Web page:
This Adventurous Age

Adventures travelling and working around Australia.

2007 Travels June 10


After only 16kms, reached the Victoria River Roadhouse. While John refuelled – $1.62cpl – M and I had a quick look around.

The campground looked very attractive and this would be central for walks M and I wanted to do. John was not happy that we’d “messed about” with last night’s camp, only to come 16kms today, before wanting to stop again.  However, we didn’t then know how good this was, or how unsuitable Sullivan Creek would turn out to be.

Our powered site cost $20 a night. The campground was huge and grassy, with plenty of shade trees. It was very pleasant – and not all crowded! There was some TV – but only one channel, relayed from the roadhouse.  

Victoria River Roadhouse camp

 Set up camp, then set off to do the Escarpment Walk, before lunch. Had to drive along the highway for a couple of kms, to get to the carpark, from which the walk started.

Walk goes up to the top of that….

This 3km walk involved climbing up to the top of the scarp. There’s that dreaded word “climb” again! It was quite steep in places. Taking photos provided an excuse to stop and rest my cramping calf muscles – always an issue on uphills.

Along the way were boards featuring some of the stories of the local aboriginals, that explained how rivers (and hence gorges) were made and how rain was made to fill these.

A local tree was flowering profusely at this time of year, and its brilliant yellow blooms were a distraction from the broader scenery.

There were excellent views from the top of the Escarpment, over the ranges, the Victoria River and associated gorges, and over our campground.

Victoria River and Highway 1
Highway, Roadhouse & camp complex, tree line of Victoria River below the escarpment

And what goes up must come down again…….

Just a little rest here…..

After lunch back at camp, we stirred ourselves again, and drove 10kms to the turnoff to the Joe’s Creek picnic area – 2kms along a gravel track. Here was the second walk we wanted to do in this area. This one was only a 1.7km circuit – however, distance is not always the  indicator of difficulty!  It just tells you for how long, roughly,  you are going to be in pain!

Escaprment of Victoria River valley from Joe’s Creek track

From the carpark, in the picnic area, the range rose in a tall semi-circular escarpment. It was worth driving in here just for that outlook.

Joe’s Creek valley – from part way up the walk track

Our path wound through the spinifex and scrub, and then  up a loose rock scree slope, through clusters of Livistona palm trees, to the base of the almost vertical scarp face.

The track along the base of the scarp wall took us past aboriginal art works on overhanging rock sections. One of the figures reminded me of the Lightning Man depictions at Nourlangie Rock in Kakadu. Another, an elongated being with a striped body, was similar to something we’d seen up near Kalumburu in the northern Kimberley. I found it interesting that there were these apparent similarities from across such a widespread area.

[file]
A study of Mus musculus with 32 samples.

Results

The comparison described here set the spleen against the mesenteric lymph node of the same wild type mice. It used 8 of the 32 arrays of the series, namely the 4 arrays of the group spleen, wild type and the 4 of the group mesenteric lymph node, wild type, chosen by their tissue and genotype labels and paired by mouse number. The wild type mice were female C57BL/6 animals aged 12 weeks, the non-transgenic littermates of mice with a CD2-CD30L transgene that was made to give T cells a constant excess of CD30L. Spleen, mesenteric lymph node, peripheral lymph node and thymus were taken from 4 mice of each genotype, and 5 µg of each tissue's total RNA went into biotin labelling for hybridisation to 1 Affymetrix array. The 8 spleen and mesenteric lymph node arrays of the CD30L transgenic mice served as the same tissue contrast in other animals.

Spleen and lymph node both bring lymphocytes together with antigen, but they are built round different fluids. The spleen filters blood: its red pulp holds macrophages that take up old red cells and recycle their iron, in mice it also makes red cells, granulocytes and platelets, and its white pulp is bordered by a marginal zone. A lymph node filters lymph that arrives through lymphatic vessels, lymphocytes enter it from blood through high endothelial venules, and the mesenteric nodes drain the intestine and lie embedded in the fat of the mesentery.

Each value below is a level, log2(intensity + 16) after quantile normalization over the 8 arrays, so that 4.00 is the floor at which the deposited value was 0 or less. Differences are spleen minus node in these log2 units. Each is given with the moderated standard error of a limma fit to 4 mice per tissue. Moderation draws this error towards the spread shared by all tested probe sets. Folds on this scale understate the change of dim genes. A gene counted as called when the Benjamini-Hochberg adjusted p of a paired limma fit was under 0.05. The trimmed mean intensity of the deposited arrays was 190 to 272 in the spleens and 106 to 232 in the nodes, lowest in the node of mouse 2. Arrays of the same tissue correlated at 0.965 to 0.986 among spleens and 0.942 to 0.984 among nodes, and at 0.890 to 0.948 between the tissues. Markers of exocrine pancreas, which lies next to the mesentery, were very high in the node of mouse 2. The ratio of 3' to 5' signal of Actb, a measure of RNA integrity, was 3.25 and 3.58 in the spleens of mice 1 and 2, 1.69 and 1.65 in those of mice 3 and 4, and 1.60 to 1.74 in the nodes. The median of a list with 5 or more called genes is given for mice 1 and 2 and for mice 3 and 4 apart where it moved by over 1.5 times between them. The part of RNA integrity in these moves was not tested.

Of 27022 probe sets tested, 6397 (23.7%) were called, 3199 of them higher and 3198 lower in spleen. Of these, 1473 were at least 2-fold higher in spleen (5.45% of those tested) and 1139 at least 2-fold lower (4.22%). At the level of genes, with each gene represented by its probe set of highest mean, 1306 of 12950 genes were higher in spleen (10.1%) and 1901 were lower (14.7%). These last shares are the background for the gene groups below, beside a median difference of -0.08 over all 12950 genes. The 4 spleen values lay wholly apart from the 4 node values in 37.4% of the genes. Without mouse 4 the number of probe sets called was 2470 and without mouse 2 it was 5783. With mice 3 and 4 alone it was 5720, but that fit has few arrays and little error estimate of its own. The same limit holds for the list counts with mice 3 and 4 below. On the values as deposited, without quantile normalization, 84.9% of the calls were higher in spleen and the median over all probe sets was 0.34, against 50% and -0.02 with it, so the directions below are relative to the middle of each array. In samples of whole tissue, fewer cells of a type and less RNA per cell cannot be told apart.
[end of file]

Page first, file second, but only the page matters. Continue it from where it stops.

Then we descended back through some more scree slope and palms, and wound back to the car park, all the time with those imposing scarp walls encircling us.

Walk track, scree slope, palms
The black scar of a wet season waterfall

This walk had been very scrambly, in sections. John did well, considering. All of us were leg weary by the time we got back to the vehicles.

Since we were close by, decided to take the short 4WD track to the Old Crossing of the Victoria River. It was only in 1970 that the road bridge near the Roadhouse was built across the river. Until then, traffic had to use the Old Crossing – basically a rock shelf in the river. It would have been impassable for significant periods.

Old Victoria River Crossing

It is easy to forget how recently it really was that these regions were opened up to the sort of modern access and travel that we enjoy today.

Our final little sidetrack for the day was to drive down a road near the Roadhouse, that led to a place on the river where boats could be launched, into what was a long reach of the river. We had to walk the last part of this, not being sure if there would be room to turn our rigs around at the end. It was a narrow little road through very tall grass.

Decided to have another, lazy, day here, tomorrow, in this very pleasant spot. John was content to do so, being happy that there was some TV.

Both walks today were excellent, but neither had been easy. The clearly hotter days made exertion that bit more difficult. The nights were still cool, though, and we needed to change into long pants.